Originally Posted by DavidnLondon
mtnguy how long do you normally have to run your Yamaha generator in order to charge the battery back up?
Any estimate on how long a charge will last if you run your lights and the dc current required to properly operate the refrigerator,water heater,and propane gas heater if they are mainly operating using gas.I am guessing each of these appliances has to have at least some dc current even while operating on gas?
I like to run the generator an 1 1/2 to 2 hours per day to charge my single battery. Even that time will not charge to 100% through the converter. The converter is meant to charge at bulk when the battery voltage is low, but switches to a lower charge rate at the battery gets close to capacity. Instead of 13.5 or .6 volts, it seems like 13.2 or.3 volts is the norm after 2 hours of charging. I have also tried using a battery charger hooked up to the generator which seems to charge a little quicker. But as a precaution, I disconnect the battery from the camper while doing that, since I don't know what the higher voltage that the battery charger will do to my appliances. That means the fridge is off during that time (even on propane), since the fridge needs 12 volt DC power to operate.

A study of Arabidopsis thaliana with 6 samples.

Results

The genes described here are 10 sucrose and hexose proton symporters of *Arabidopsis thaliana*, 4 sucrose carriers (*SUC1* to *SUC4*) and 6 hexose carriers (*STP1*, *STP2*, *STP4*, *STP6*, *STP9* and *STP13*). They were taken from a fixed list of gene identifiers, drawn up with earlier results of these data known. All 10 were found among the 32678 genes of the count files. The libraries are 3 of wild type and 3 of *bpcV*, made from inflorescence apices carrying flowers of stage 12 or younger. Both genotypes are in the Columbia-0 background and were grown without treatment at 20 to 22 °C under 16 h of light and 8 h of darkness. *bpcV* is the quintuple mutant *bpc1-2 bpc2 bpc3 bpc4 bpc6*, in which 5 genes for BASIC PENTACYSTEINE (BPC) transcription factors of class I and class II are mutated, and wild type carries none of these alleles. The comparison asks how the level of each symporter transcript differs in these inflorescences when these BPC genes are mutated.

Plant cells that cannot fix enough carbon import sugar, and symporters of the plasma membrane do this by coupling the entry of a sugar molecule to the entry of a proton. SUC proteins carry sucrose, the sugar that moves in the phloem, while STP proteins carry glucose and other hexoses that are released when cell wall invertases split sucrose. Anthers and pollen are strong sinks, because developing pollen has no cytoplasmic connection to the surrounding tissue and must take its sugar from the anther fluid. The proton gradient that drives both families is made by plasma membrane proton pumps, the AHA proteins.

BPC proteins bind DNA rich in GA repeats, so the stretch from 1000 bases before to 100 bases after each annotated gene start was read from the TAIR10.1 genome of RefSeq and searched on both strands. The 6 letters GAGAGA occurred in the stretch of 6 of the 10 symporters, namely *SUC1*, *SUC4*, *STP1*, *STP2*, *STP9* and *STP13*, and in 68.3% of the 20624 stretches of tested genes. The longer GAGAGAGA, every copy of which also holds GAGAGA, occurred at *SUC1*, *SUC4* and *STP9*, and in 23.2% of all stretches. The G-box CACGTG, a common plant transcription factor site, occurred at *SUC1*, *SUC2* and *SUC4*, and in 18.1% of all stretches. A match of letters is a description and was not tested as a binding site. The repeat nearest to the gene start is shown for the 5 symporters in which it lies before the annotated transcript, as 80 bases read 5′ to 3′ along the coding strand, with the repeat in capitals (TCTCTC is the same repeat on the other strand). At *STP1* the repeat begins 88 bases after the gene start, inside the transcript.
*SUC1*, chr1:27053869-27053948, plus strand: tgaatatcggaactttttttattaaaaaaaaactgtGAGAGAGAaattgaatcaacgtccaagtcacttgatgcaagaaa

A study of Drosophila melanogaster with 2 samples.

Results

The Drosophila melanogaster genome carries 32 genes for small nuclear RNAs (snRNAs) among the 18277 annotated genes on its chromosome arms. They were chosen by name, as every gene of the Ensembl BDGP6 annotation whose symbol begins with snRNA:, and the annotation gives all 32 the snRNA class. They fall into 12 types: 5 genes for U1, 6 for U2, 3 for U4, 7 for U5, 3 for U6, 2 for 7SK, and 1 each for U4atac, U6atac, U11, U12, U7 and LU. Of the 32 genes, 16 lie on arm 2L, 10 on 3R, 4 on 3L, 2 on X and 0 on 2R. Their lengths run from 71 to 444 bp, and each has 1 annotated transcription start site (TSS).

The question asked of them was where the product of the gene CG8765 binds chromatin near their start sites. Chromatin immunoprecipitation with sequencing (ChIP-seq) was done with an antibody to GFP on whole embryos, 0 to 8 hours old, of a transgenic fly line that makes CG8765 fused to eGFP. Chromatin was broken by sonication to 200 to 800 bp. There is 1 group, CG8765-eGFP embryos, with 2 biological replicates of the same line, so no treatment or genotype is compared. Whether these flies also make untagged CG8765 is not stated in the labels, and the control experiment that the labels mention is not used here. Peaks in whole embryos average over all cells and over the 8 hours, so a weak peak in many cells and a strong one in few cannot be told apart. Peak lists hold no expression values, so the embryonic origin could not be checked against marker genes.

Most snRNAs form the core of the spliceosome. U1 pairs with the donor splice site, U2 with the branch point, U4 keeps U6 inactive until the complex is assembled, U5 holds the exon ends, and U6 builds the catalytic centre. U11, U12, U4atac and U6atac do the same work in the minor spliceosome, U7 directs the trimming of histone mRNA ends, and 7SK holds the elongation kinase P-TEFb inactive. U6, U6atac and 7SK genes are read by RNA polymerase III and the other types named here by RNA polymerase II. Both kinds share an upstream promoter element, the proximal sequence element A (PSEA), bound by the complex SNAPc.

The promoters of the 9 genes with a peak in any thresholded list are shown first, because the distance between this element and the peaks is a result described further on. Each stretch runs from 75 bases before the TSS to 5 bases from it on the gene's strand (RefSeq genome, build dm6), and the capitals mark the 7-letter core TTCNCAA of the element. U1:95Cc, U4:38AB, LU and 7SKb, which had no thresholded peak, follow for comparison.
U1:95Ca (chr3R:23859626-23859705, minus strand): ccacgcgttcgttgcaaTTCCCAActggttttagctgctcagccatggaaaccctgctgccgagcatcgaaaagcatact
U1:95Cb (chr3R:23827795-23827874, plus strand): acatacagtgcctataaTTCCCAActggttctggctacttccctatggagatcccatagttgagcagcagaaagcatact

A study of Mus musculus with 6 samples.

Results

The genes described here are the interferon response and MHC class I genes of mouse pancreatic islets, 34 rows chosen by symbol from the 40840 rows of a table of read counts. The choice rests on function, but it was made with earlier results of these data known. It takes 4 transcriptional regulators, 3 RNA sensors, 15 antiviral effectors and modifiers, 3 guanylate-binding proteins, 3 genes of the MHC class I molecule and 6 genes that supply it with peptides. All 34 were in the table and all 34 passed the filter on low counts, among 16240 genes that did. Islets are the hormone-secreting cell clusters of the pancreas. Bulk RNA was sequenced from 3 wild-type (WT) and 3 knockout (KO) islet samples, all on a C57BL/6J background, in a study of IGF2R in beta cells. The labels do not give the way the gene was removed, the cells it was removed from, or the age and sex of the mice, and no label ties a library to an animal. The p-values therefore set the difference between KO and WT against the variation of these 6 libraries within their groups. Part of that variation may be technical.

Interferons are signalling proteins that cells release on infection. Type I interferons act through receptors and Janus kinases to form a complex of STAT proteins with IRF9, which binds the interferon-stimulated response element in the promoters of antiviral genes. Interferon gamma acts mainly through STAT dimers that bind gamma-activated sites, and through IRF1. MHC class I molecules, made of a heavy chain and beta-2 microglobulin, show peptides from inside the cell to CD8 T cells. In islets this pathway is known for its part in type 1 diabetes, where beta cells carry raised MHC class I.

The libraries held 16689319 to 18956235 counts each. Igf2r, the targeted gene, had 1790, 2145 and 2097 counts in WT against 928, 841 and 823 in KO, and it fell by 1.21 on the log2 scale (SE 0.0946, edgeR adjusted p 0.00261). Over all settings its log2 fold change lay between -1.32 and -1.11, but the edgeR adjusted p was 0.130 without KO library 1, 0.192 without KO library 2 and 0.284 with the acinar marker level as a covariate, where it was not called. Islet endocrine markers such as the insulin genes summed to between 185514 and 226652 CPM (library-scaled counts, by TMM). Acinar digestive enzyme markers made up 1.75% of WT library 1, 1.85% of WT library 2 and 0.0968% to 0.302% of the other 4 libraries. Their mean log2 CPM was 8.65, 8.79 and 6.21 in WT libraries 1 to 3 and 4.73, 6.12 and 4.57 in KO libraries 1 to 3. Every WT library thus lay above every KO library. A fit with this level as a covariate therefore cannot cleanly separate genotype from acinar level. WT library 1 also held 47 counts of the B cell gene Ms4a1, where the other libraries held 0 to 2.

I also have a battery charger built into the generator, but have not tried that yet. I would also have to disconnect the battery from the camper. The leads sent with the Yamaha are not very long, and I would have to place the generator close to the battery to use, or get make up some longer leads. My generator usually lives and runs in the back of my truck.
The water heater and fridge both on gas do require 12 volt DC for the circuit board, as well as the water heater on gas requires 12 volt DC for spark.
During normal usage when dry camping, my battery usually gets down around 11.5 to 11.8 volts in a 24 hours period. The furnace is probably the biggest energy hog. I will run that through a cycle in the morning if it is cold, but will not run it through the night.....I will use a Big Buddy heater if it is really cold out. The water pump is probably then next biggest hog, with dish washing and showers. I try to regulate my light usage, and considering going to LEDs, but haven't found the ideal setup yet.......I tried a couple of styles and didn't like them. I may watch a little TV to catch up on the news and weather. The water heater and fridge are probably the least pull on the battery, with just operating the circuit boards.
I have also considered adding a 2nd battery, but I have a heavy trailer tongue, plus there seems to be no easy way to do that without a bunch of modifications.